Creatures from the Collection and Other Themes / including photographs by Charlotte Dumas, Esko Männikkö, Rinko Kawauchi, Roos Theuws and others
This summer presentation of the collection will focus on the subject of animals in work by various photographers.
Charlotte Dumas (1977) makes portraits of animals. Intimacy has key importance in her way of working. She spends long periods of time with one animal, so that its specific character can be shown. In doing this she seeks a timeless image by way of classical examples from art, especially from painting. The animal as a paragon of fidelity as well as danger is something that intrigues her. In the photographs of the Japanese Rinko Kawauchi (1972) life is celebrated without ignoring death. Her photographs of animals, which she portrays with warmth and concern for unnoticed detail, are full of joie de vivre. Here she uses light and color in such a refined manner, and gets so close to her subjects, that the works appeal not only to the eye but to other senses as well.
The Finnish photographer Esko Männikkö (1959) also photographs animals from an extremely close perspective. Like Charlotte Dumas, he is interested mainly in their personalities and attempts, in a similar manner, to establish eye contact with them in order to arrive at a portrait. Männikkö photographs, for the most part, in zoos, where he is able to get very close to them in a quiet way and to spend longer amounts of time with certain animals. Earlier this year, he was awarded the Deutsche Börse Photography Prize.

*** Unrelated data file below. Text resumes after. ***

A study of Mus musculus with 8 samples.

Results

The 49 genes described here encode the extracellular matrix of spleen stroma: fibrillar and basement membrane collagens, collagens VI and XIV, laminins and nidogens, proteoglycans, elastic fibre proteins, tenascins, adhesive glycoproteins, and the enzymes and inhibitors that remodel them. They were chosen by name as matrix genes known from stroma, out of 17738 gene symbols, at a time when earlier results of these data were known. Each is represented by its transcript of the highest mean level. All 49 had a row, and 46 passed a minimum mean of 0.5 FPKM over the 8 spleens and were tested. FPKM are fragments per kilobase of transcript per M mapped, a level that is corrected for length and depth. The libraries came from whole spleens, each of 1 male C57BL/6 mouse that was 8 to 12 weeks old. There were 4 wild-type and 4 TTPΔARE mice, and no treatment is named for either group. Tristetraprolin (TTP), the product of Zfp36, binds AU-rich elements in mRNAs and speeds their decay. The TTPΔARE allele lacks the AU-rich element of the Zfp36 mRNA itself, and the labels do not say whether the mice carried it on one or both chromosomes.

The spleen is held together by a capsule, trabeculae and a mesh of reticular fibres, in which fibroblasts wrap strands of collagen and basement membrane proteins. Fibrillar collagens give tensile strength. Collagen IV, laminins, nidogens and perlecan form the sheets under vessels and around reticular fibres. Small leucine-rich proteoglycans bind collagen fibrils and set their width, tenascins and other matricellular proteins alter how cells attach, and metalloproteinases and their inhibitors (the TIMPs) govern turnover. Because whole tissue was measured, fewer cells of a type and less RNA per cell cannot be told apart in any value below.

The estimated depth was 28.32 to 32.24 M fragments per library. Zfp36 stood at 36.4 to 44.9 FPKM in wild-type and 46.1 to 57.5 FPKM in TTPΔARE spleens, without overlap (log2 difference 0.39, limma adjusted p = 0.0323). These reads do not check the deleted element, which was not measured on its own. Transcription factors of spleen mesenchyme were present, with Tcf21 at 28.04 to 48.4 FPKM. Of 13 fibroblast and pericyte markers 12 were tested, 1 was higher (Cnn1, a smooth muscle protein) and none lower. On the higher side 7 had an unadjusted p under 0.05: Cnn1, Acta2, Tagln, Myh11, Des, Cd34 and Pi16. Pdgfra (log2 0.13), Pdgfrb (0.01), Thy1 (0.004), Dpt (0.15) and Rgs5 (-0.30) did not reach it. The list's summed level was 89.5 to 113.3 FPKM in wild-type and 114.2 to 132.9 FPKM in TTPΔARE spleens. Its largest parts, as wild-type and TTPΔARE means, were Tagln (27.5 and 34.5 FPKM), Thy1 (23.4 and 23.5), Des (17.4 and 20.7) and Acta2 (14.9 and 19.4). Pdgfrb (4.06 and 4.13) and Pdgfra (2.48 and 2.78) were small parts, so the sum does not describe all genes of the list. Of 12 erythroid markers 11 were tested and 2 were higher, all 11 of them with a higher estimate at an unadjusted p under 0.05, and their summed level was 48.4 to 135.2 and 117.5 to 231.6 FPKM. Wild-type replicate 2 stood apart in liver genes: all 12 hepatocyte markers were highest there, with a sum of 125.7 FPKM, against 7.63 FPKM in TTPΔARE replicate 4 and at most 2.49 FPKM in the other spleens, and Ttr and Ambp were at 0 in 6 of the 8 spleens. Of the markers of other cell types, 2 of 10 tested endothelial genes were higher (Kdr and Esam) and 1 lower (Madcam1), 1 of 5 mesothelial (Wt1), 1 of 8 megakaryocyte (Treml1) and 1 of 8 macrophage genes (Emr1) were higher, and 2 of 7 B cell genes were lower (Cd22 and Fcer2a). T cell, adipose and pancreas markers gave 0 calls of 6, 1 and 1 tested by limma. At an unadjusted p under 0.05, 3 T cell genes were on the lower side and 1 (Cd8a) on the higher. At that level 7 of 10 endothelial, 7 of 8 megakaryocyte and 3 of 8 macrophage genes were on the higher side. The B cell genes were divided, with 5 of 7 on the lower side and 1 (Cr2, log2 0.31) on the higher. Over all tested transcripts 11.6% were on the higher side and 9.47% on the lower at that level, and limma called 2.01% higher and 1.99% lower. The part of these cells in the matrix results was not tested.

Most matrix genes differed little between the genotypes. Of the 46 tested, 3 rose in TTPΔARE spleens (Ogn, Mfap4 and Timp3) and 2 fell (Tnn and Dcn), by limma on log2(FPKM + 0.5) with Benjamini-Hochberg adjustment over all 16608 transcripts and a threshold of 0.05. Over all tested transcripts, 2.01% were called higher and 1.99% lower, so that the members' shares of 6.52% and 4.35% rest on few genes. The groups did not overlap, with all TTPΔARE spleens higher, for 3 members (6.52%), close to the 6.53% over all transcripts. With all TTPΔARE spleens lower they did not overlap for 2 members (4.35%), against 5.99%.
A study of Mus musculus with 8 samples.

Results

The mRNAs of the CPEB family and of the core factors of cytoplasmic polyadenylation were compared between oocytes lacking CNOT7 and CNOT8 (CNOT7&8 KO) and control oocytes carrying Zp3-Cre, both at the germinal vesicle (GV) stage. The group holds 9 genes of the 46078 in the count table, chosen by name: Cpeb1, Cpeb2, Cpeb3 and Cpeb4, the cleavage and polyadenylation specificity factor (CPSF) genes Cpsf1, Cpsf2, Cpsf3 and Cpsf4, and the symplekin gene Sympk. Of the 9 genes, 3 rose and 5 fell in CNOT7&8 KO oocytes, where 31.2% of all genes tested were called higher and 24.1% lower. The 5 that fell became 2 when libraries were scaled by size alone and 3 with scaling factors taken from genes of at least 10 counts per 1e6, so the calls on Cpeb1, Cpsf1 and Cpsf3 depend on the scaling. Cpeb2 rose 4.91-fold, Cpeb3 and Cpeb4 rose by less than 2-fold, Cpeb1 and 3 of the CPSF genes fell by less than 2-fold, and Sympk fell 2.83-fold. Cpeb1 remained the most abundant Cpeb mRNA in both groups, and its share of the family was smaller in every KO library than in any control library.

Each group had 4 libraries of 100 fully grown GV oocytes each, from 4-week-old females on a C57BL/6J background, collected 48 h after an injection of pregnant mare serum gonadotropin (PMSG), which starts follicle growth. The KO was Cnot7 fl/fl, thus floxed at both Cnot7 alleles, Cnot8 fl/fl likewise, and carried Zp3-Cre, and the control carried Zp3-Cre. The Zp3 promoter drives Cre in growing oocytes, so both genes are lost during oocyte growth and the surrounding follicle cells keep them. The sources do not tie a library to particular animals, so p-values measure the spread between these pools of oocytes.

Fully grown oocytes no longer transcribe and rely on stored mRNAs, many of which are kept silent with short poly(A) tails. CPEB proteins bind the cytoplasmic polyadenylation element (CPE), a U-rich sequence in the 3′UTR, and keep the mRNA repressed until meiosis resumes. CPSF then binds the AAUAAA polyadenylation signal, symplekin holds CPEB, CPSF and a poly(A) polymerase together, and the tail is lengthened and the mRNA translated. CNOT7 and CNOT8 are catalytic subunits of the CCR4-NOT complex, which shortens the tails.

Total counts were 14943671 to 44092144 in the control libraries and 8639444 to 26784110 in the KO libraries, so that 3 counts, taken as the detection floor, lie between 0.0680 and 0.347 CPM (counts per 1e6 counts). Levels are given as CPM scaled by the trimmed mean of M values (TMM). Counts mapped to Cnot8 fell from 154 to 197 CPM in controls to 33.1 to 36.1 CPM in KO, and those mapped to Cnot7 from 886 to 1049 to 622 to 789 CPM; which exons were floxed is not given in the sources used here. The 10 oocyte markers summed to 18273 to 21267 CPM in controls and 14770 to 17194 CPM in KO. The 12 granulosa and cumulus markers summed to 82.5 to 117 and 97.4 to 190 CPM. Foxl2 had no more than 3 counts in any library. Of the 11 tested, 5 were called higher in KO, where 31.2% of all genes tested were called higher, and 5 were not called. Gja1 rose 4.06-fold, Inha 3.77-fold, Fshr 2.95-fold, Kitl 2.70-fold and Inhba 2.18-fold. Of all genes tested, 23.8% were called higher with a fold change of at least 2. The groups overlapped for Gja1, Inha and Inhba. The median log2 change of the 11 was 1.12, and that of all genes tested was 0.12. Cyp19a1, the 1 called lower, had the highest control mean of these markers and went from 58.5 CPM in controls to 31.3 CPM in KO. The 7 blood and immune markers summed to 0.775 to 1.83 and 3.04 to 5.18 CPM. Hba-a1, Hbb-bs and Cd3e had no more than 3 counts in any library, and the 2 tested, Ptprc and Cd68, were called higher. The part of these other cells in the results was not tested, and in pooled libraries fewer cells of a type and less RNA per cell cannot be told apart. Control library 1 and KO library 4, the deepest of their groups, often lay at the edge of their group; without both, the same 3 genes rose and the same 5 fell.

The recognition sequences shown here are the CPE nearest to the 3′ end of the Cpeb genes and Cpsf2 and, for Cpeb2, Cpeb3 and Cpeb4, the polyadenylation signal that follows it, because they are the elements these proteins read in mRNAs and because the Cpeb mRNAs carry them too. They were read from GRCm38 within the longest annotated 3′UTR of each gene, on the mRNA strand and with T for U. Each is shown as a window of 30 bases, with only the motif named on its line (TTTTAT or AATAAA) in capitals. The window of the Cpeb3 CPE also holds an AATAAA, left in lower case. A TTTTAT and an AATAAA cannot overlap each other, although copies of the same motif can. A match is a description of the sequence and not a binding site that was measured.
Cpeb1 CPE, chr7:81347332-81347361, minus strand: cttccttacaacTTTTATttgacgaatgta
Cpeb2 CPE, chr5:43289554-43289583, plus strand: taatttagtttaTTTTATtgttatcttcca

In addition to our ‘creatures from the collection’, several new acquisitions, including work by Roos Theuws, will be on view.
A number of works have also been lent by the H+F Collection, by Galerie Paul Andriesse, by Galerie Rodolphe Janssen, Brussels, and by De Pont museum of contemporary art, Tilburg.
The collection of Huis Marseille comprises roughly two hundred works. Emphasis is given to contemporary work by Dutch and foreign photographers. The photographs are monumental in character and involve a broad interpretation of the medium as well as a varied use of photographic techniques. The collection can be viewed in its entirety at (www.huismarseille.nl/collection/index.html). Although our collection is not on permanent display, an alternating selection of works can frequently be seen at the museum.